Gentrification can have a ripple effect on communities. While it may improve certain conditions in low-income areas, rising housing costs can displace residents, causing social disruption and other downstream effects.
Harvard Medical School researchers at Brigham and Women’s Hospital conducted a study using national data to examine the relationship between firearm injuries and gentrification.
Their findings, published in JAMA Surgery, show that gentrified neighborhoods have a 62 percent higher firearm injury rate than nongentrified neighborhoods with comparable socioeconomic characteristics.
“To prevent firearm injuries in these communities, we must understand where the behavior is stemming from,” said corresponding author Molly Jarman, an HMS assistant professor of surgery with the Center for Surgery and Public Health in the Department of Surgery at Brigham and Women’s. “It’s vital we begin to investigate the factors causing social disruption and housing displacement, such as gentrification, to develop and implement targeted interventions to prevent firearm injuries.”
The authors note that the Centers for Disease Control and Prevention reported that 45,000 firearm injuries occurred in the U.S. in 2020. Injuries from firearms are linked to attributes of socioeconomic disadvantage, such as income inequality and minority status, but not all neighborhoods at socioeconomic disadvantage experience high levels of gun violence. Jarman and colleagues conducted their study to identify factors that may put neighborhoods at greater risk for firearm injuries.
Identifying gentrifying neighborhoods
The team collected U.S. Census tract-level data from the Agency for Healthcare Research and Quality Social Determinants of Health database between 2010 and 2019. The researchers used data about commuting patterns to identify neighborhoods at risk of gentrification for the analysis. A total of 59,379 urban Census-tracts were examined from this data set. The investigators also collected geographical firearm injury data from the Gun Violence Archive from 2014 to 2019.
In the study, the investigators defined gentrification as a measurable value to identify and calculate the gentrified areas in their data sets. Their definition of gentrification was: an area in a central city neighborhood with a median housing price that increased over the regional median value, and a median household income at or below the 40th percentile of the median regional household income. They identified 14,125 Census-tracts that met this definition of gentrification.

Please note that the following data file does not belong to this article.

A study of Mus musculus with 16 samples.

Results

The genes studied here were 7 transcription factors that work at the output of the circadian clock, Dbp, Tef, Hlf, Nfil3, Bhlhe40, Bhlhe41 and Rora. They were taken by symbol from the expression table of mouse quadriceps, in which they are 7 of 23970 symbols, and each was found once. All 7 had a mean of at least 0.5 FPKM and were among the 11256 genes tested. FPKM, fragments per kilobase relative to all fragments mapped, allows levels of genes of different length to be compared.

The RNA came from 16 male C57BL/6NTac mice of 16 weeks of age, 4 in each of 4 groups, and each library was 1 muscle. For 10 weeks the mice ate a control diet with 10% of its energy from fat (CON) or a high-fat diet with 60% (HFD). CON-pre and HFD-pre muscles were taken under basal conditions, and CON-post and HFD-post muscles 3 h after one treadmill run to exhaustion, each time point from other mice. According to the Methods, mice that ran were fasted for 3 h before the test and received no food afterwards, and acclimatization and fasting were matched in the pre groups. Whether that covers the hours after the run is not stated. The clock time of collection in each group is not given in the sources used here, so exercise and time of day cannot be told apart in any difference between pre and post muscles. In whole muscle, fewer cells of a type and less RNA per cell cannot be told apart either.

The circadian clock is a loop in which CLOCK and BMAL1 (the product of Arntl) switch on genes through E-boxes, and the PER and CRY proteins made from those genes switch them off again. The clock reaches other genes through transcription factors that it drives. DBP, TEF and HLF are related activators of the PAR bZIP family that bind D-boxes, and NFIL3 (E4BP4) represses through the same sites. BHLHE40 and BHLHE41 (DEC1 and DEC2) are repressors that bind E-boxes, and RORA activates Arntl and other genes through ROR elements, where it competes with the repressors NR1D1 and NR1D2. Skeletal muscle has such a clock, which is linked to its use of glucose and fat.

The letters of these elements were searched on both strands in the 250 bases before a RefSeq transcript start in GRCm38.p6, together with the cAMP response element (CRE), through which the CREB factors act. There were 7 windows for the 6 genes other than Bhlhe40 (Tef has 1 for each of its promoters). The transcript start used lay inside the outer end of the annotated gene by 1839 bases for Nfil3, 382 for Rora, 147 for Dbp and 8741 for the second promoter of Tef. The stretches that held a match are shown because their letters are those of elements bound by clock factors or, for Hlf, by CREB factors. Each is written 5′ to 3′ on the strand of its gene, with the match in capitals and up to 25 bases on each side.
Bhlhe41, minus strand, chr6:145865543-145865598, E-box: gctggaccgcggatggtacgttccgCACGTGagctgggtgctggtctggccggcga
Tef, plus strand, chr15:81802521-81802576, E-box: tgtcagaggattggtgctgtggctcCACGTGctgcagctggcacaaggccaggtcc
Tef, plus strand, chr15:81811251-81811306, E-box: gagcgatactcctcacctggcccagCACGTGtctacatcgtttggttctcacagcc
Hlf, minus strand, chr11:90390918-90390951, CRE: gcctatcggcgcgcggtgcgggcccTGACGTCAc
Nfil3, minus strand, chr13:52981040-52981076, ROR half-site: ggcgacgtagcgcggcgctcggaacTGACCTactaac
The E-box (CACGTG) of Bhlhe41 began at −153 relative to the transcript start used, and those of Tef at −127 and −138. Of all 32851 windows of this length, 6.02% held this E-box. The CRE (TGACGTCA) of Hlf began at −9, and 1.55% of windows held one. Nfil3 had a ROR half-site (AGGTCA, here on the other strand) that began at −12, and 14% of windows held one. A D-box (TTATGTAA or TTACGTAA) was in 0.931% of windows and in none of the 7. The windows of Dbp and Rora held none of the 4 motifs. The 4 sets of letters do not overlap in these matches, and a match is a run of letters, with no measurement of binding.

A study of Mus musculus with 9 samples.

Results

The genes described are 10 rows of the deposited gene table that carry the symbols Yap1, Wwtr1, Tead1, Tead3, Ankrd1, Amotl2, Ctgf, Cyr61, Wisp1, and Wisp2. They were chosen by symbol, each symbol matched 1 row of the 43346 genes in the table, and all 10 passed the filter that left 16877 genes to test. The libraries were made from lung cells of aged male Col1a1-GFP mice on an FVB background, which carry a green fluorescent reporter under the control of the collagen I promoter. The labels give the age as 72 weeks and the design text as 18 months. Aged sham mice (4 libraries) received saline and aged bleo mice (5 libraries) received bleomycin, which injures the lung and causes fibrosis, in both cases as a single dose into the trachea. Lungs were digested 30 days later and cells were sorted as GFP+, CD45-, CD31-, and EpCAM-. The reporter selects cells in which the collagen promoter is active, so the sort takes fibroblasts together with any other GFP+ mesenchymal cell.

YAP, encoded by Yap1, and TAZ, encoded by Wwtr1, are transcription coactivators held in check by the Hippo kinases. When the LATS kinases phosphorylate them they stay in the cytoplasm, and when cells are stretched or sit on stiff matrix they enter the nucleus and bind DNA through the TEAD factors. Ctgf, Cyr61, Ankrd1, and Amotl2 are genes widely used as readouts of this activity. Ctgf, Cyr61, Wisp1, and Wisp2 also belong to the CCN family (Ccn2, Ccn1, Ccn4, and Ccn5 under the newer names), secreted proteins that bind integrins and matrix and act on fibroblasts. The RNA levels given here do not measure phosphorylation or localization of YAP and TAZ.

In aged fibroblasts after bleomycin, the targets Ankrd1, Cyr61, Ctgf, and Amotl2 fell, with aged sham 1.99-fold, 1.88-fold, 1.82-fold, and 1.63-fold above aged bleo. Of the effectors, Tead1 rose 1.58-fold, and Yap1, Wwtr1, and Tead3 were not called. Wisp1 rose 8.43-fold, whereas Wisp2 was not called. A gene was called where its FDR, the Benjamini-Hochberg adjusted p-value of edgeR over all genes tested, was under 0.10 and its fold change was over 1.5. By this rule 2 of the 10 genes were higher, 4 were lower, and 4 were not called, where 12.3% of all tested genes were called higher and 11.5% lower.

Displacement, disruption drive rising gun violence
The team then compared the changes in rates of firearm injuries across three types of neighborhoods: low-income nongentrifying, gentrifying, and high-income nongentrifying. The team found that gentrified neighborhoods had a 62 percent higher firearm injury incidence rate than nongentrified communities with comparable sociodemographic characteristics. They also found that neighborhoods undergoing gentrification experienced an additional 26 percent increase in firearm incidence than nongentrifying neighborhoods.
“The process of social disruption and housing displacement due to gentrification puts people in the community in a high-stress environment,” said lead author Sarabeth Spitzer, HMS clinical fellow in surgery at Brigham and Women’s. “The solution is complicated, but our findings reveal an opportunity to identify communities that may be at increased risk of firearm violence. Hopefully, this allows support and resources, such as community outreach and education programs, to target these areas and mitigate this risk.”
The study had some limitations. Notably, the data set from the GVA contains data as far back as 2014 and provides geographical information only, withholding any identifiable information about who was involved in a given incident. The study was observational in nature and cannot show causality. Going forward, the team plans to conduct an interventional study that tests the effectiveness of social support and firearm violence prevention strategies in gentrified communities.
Authorship, funding, disclosures
Additional authors included Daniel Vail, Patrick Heindel, Tanujit Dey, Zara Cooper, and Ali Salim.
Spitzer reported receiving salary support from Brigham and Women’s Hospital, the Center for Surgery and Public Health, and the Gillian Reny Stepping Strong Center for Trauma Innovation during the conduct of the study. Heindel reported receiving a fellowship award from the National Institutes of Health during the conduct of the study. Jarman reported receiving grants from the National Institute on Aging and the U.S. Department of Defense outside the submitted work and salary support from Brigham and Women’s Hospital, the Center for Surgery and Public Health, and the Gillian Reny Stepping Strong Center for Trauma Innovation during the conduct of the study. No other disclosures were reported.
This study was funded by The Gillian Reny Stepping Strong Center for Trauma Innovation.